Did the US create its own nightmares by distributing nuclear training and enriched uranium to several countries 68 years ago?
The politics and disputes surrounding nuclear weapons, and particularly Iran’s nuclear programme, has been one of the most headline-grabbing issues in the past few years.
Most recently, it was announced that talks between Iran and several powers will resume in Vienna on Thursday as European diplomats last week urged Tehran to come back with more realistic proposals.
A 2015 deal struck by Tehran and six major powers (the US, UK, France, China, Russia and Germany) limited Iran’s nuclear programme in return for sanctions relief from the US, European Union and UN. The US in 2018 withdrew from the agreement during former president Donald Trump’s term but when Joe Biden came into power he indicated that his country is willing to return to it.
While the US is at the forefront today of opposing nuclear proliferation - the spread of nuclear technology dates back to the 1950s when the US, under the presidency of Dwight Eisenhower, came to the fore with an offer attempting a risky balancing act between war and peace, secrecy and transparency. Today marks the day that all started.
Before the UN General Assembly on December 8, 1953, US President Eisenhower in a famous speech called “Atoms for Peace” said; “If a danger exists in the world, it is a danger shared by all; and equally, that if hope exists in the mind of one nation, that hope should be shared by all.”
Recognising the paradoxical danger offered by the nuclear age, Eisenhower saw how the world of war changed.
“I feel impelled to speak today in a language that in a sense is new—one which I, who have spent so much of my life in the military profession, would have preferred never to use. That new language is the language of atomic warfare,” he said.
As part of his “Atoms for Peace” programme, he proposed that “governments principally involved, to the extent permitted by elementary prudence, should begin now and continue to make joint contributions from their stockpiles of normal uranium and fissionable material to an international atomic energy agency.”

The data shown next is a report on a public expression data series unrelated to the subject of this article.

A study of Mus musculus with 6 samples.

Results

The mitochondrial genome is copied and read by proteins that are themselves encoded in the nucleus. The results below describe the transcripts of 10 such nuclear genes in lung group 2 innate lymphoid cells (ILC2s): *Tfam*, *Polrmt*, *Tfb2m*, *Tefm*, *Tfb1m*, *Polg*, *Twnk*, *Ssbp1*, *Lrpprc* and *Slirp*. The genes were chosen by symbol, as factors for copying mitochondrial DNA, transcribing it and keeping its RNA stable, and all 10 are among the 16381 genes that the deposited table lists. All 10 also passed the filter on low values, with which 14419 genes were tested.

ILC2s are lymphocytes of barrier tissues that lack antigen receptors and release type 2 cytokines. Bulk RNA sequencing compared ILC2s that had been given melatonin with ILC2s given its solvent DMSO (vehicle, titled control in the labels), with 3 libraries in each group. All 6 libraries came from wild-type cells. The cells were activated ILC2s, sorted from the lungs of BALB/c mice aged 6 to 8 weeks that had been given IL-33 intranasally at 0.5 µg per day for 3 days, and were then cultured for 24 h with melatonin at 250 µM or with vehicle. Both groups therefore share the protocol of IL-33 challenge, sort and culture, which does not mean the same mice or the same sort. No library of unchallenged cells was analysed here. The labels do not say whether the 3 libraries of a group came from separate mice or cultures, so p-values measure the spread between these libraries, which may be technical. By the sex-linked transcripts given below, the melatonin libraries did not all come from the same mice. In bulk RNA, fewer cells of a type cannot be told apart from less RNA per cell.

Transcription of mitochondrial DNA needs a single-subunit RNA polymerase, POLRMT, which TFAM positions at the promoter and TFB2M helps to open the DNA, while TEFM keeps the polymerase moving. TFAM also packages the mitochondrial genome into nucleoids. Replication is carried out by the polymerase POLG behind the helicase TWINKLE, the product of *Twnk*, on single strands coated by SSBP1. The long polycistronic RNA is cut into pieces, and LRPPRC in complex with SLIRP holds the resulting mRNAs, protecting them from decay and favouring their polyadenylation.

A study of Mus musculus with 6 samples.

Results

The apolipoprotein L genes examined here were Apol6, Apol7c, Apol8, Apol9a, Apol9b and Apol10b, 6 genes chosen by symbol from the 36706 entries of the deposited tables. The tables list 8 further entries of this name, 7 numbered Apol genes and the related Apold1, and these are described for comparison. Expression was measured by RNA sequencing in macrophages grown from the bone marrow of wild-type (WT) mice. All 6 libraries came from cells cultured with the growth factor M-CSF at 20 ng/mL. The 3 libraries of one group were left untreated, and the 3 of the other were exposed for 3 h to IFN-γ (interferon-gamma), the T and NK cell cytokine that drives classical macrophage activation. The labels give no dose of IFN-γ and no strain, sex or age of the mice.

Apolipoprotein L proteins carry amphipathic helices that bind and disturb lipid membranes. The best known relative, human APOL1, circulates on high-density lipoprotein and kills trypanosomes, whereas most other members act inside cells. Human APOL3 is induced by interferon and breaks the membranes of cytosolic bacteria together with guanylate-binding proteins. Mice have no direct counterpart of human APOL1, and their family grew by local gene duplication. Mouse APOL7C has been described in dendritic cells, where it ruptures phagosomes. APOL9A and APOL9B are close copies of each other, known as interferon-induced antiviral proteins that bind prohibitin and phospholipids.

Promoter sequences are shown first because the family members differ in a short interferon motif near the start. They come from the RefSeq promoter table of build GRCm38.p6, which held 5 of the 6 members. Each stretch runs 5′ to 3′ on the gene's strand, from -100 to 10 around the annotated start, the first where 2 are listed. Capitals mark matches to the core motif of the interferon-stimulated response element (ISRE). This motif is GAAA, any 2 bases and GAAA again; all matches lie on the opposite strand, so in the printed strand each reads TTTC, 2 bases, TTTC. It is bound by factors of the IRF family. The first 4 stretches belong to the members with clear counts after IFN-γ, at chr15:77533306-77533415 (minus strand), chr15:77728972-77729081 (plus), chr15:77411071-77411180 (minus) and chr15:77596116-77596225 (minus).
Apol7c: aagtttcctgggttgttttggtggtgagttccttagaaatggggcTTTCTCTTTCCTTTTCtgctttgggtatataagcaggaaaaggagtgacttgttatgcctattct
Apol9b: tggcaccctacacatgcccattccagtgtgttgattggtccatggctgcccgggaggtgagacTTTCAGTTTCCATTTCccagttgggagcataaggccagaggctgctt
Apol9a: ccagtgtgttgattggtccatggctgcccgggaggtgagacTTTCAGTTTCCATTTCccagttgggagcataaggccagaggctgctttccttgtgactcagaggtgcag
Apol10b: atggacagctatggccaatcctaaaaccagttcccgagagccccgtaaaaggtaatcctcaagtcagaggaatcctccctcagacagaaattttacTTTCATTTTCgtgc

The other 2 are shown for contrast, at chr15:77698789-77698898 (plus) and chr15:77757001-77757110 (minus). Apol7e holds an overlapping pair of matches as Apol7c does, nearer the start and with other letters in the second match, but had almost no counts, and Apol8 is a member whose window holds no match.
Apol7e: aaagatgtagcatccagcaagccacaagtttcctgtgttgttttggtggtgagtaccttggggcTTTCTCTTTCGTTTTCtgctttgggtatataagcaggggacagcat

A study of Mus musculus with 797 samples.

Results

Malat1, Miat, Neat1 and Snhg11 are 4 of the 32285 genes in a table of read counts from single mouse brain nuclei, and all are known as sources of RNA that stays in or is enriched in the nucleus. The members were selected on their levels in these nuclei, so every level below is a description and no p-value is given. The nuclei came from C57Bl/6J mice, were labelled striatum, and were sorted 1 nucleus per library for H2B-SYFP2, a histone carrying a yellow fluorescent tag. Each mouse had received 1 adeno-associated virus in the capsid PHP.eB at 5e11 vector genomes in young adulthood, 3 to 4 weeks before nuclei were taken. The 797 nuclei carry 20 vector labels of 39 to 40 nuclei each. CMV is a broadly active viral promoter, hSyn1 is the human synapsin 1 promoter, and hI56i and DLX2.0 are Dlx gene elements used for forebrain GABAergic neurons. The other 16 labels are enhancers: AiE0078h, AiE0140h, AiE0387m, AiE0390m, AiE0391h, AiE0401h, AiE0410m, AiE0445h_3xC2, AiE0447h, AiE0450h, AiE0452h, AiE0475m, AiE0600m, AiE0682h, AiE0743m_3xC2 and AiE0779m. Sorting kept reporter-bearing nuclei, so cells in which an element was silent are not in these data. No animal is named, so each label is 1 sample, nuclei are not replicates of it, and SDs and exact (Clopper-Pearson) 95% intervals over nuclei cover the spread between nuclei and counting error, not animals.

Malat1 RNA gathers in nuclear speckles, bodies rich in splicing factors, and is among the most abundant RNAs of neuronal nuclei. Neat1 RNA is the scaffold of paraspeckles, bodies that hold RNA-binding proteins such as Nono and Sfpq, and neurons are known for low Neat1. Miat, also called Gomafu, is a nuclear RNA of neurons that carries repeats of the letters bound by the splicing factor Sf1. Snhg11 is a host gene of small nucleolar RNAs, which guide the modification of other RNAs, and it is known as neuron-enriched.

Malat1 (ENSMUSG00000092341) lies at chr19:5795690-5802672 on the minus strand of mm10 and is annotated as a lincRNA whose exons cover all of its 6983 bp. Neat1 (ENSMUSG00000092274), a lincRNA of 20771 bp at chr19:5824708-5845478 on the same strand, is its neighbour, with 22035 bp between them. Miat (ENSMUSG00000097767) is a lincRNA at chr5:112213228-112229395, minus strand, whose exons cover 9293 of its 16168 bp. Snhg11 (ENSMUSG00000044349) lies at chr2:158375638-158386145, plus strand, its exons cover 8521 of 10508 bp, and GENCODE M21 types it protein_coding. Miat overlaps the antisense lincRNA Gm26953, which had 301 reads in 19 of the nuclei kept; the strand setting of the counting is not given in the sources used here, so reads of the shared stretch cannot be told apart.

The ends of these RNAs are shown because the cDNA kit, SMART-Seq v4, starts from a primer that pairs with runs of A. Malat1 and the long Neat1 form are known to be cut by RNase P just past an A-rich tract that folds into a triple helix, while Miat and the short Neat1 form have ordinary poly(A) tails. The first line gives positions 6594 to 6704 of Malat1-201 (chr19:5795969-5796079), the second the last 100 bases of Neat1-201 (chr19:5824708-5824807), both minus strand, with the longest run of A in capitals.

The programme was based on a bargain between Washington and developing states where the US provided highly enriched uranium to 30 countries to fuel research reactors, as well as training to those pursuing civilian nuclear programmes. In return, the US demanded recipient states to remain committed to only use such technology and training for non-military, peaceful and civilian purposes.
According to The Arms Control Association, Eisenhower’s policies on one hand did hasten the international diffusion of scientific and industrial nuclear technology, and some recipient nations. On the other hand, “Atoms for Peace” produced many of the most important elements of today’s nuclear nonproliferation regime: the International Atomic Energy Agency (IAEA), the concept of nuclear safeguards, and most importantly, the norm of nuclear nonproliferation.
Iran, Israel, India and Pakistan were among those countries which benefited from Eisenhower’s “Atoms for Peace” programme.
Nonetheless, in 2003, the US state department stated that only less than ten countries have acknowledged producing nuclear weapons.
“On the plus side, one of these, South Africa, voluntarily dismantled its nuclear weapons. Also on the plus side, Belarus, Kazakhstan, and Ukraine voluntarily surrendered the nuclear weapons systems they inherited at the breakup of the Soviet Union. In South America, Argentina and Brazil abandoned nuclear weapons programmes in the early 1990s and pioneered a regional confidence-building mechanism,” it added.
Today, the implementation of the former US president’s programme is still subject to criticism for facilitating nuclear proliferation by spreading dual use nuclear technology and materials, such as highly enriched uranium, used in early civilian nuclear programmes that can also be used for the production of nuclear weapons.
Some people still believe that the programme enabled aspirant countries like Iran to acquire the necessary technologies and materials for the development of a nuclear weapons programme.
Tehran’s desire to invest in a nuclear programme dates back to the 1950s, when the country's autocratic ruler Reza Shah Pahlavi, or the Shah of Iran, signed a treaty with the US in which Washington would help Tehran to build its nuclear programme.
As part of US President Dwight Eisenhower’s Atoms for Peace programme, Iran, a US ally under the Shah's rule, received nuclear assistance from Washington from 1957 to 1979 for 'peaceful' purposes.
Following the oil boom in the 1970s, Iran’s nuclear programme was converted into a civilian nuclear programme.
As the Iranian Revolution toppled the Shah's regime in 1979, taking Iran away from America's orbit and turning it from a friend to foe, its nuclear ambitions have become a major global policy crisis until today.